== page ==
After Year of Delay, Contra Costa County Sheriff Releases Investigation of Dishonest Deputy

Contra Costa County Sheriff David Livingston (Courtesy of Contra Costa County Office of the Sheriff)

Contra Costa County has been a key battleground in the legal fight over Senate Bill 1421, the police transparency law that went into effect last January. Now, after a year of delay and litigation, the Contra Costa County Sheriff’s Office has released the first disciplinary record regarding a deputy.

On Nov. 24, 2016, Vacaville police arrested Deputy Christopher Spadaro for drunk driving after he sped away from officers and then abruptly pulled into a parking lot and shut off all his car lights.

When questioned by a Contra Costa County Sheriff’s internal affairs investigator about whether he had been trying to evade police, Spadaro said, “I would never fathom doing such a thing to create, uh, you know, an issue for an officer,” according to a transcript of the interview.

Spadaro told Vacaville police he had only had one beer, but he refused to take a breathalyzer test. A blood test confirmed his blood alcohol content was nearly twice the legal limit, records show.

The Sheriff’s Office internal investigation found that Spadaro lied about his drinking during that encounter. Spadaro had also put paper license plates on his car in order to avoid paying the Benicia-Martinez Bridge toll during his commute.


Contra Costa County Public Defender Robin Lipetzky wrote in statement that her office is “investigating the impacts of Deputy Spadaro’s misconduct on recent and pending cases where he was a material witness.”

Lipetzky said timely compliance with both SB 1421 and Brady v. Maryland “are necessary to ensure due process for everyone in our community.”

Sheriff’s Office spokesman Jimmy Lee did not respond to questions about why it took a year to locate and produce the Spadaro file, nor would he clarify if his office has more disciplinary records to produce. Lee said in an email that his office intends to disclose all relevant SB 1421 records.

“Our release of documents continues and we are committed to fulfilling all proper [SB] 1421 requests as quickly as possible,” Lee wrote.

County Supervisor John Gioia, who is one of Livingston’s critics, said he believes the Contra Costa County Sheriff Deputies’ Association pressured Livingston to withhold the document.

"The sheriff should follow the law in disclosing documents despite a contrary position by the Deputy Sheriff's Association," Gioia said. "His job is to follow the law as a county officer.”

DSA President Shawn Welch, in a phone interview Wednesday, denied asking that the document be withheld.

“I never took a stance,” Welch said. “It was delayed because [SB] 1421 is a brand new law” and there were questions about whether Spadaro’s case applies to it.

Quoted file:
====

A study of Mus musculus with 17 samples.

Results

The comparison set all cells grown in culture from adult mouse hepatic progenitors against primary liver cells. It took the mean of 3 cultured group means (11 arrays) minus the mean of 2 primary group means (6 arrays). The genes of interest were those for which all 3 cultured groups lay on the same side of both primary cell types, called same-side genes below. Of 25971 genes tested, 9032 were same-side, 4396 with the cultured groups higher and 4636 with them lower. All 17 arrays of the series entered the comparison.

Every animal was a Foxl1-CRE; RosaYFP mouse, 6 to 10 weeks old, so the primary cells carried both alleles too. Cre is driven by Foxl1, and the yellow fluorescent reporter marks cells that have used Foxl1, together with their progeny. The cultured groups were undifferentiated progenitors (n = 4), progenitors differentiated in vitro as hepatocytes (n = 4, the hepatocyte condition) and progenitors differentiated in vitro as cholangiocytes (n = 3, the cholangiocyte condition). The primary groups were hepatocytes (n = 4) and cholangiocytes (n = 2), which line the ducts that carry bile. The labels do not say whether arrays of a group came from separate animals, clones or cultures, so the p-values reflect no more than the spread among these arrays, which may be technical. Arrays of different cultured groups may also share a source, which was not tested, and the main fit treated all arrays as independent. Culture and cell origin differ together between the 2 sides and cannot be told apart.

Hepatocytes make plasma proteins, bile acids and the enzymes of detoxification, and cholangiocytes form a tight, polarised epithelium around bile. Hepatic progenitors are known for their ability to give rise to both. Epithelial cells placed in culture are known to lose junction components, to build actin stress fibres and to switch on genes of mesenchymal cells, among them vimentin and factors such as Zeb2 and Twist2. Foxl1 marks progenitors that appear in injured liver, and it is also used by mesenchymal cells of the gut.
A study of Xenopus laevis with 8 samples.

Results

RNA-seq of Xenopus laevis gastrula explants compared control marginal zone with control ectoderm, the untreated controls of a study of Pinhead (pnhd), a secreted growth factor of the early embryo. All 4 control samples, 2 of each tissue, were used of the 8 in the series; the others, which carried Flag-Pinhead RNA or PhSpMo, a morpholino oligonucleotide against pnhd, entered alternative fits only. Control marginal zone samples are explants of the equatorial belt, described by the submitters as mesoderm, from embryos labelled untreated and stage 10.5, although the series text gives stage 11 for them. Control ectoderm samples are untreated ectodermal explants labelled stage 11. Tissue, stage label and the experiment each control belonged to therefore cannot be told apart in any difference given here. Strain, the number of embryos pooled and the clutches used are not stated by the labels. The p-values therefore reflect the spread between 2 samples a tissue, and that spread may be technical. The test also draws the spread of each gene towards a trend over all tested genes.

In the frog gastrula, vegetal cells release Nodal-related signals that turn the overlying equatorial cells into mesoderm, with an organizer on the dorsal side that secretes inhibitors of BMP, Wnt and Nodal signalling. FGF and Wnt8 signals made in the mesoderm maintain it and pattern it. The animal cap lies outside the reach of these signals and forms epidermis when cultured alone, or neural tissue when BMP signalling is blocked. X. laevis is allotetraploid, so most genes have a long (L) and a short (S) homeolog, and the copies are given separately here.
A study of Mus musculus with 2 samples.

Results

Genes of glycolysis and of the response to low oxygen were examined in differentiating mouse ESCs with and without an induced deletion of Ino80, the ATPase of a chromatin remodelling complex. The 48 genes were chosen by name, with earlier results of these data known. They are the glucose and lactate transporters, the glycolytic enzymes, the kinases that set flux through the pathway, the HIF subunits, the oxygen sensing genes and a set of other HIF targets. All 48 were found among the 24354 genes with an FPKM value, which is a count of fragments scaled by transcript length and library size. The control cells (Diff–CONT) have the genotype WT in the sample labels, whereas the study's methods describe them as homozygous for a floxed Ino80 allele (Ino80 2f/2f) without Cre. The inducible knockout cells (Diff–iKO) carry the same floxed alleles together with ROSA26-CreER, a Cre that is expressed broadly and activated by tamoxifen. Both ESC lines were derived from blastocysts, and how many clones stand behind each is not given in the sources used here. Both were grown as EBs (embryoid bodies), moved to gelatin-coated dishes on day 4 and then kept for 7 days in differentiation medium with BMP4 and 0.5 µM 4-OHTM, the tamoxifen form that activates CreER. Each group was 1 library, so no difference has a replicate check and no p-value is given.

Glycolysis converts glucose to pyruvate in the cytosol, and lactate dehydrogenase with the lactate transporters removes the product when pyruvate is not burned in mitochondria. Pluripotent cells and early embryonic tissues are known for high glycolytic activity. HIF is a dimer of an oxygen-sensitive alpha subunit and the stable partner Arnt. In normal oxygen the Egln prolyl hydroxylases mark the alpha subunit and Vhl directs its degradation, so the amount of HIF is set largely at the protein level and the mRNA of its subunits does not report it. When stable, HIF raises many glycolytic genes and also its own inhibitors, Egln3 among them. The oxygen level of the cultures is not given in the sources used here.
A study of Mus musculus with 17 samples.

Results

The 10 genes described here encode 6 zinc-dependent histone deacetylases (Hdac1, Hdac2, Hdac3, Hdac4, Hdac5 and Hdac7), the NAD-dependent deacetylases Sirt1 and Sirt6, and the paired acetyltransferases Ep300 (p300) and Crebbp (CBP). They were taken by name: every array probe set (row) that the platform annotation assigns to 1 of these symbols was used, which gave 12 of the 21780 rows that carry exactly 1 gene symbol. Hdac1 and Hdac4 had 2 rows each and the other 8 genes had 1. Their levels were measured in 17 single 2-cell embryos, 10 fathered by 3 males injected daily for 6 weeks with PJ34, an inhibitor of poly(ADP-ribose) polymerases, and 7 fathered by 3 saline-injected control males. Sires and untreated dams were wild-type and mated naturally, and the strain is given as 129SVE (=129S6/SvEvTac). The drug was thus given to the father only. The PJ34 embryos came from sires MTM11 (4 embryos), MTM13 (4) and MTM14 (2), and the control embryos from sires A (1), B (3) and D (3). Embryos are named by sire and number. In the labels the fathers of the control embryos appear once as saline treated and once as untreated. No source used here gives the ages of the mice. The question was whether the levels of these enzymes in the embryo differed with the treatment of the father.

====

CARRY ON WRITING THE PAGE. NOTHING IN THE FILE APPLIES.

Welch’s union was one of the first police associations to file suit back in January 2019 to block the county from releasing past misconduct and use-of-force records unsealed by SB 1421. A number of First Amendment and media organizations including KQED joined that suit to argue for the disclosure of records.

A Contra Costa judge’s ruling in that case, which found that SB 1421 should apply retroactively, was upheld by the First District Court of Appeal in San Francisco on March 12.

However, even after that ruling, Livingston refused to search for records, arguing that searching the “voluminous” internal affairs files constituted an “undue burden” on the department. He was one of the few law enforcement officials statewide to make this argument.

Finally in June, the sheriff said the search for records had been completed. Seven incidents had been identified in which deputies had used force causing death or serious injury.

Then on Tuesday, the Sheriff’s Office released Spadaro’s disciplinary file without any explanation.

“It begs the question: why it took litigation for these records to be released? Why were they not promptly released a year ago?” said David Snyder, an attorney with the First Amendment Coalition, which is involved in the Contra Costa litigation. “A year is not prompt. It makes one wonder if there are other records languishing in the sheriff's files that the public is entitled to see."

Spadaro was convicted of a misdemeanor in 2017, and court records show it was his first criminal offense in Solano County.

However, Spadaro was accused of sexual harassment in 2006 by a female deputy in the Sheriff’s Department. The county settled the suit in 2008 for an unknown amount.

Internal records released Tuesday by the Sheriff’s Office show Spadaro was also reprimanded in 2015. But the Sheriff’s Office said records related to that prior misconduct are not disclosable.

Lee would not say if the sheriff has ongoing concerns about Spadaro’s fitness to be deputy.

Thomas Peele of the Bay Area News Group contributed to this story.

This story was produced by the California Reporting Project, a coalition of 40 news organizations across the state. The project was formed to request and report on previously secret records of police misconduct and use of force in California.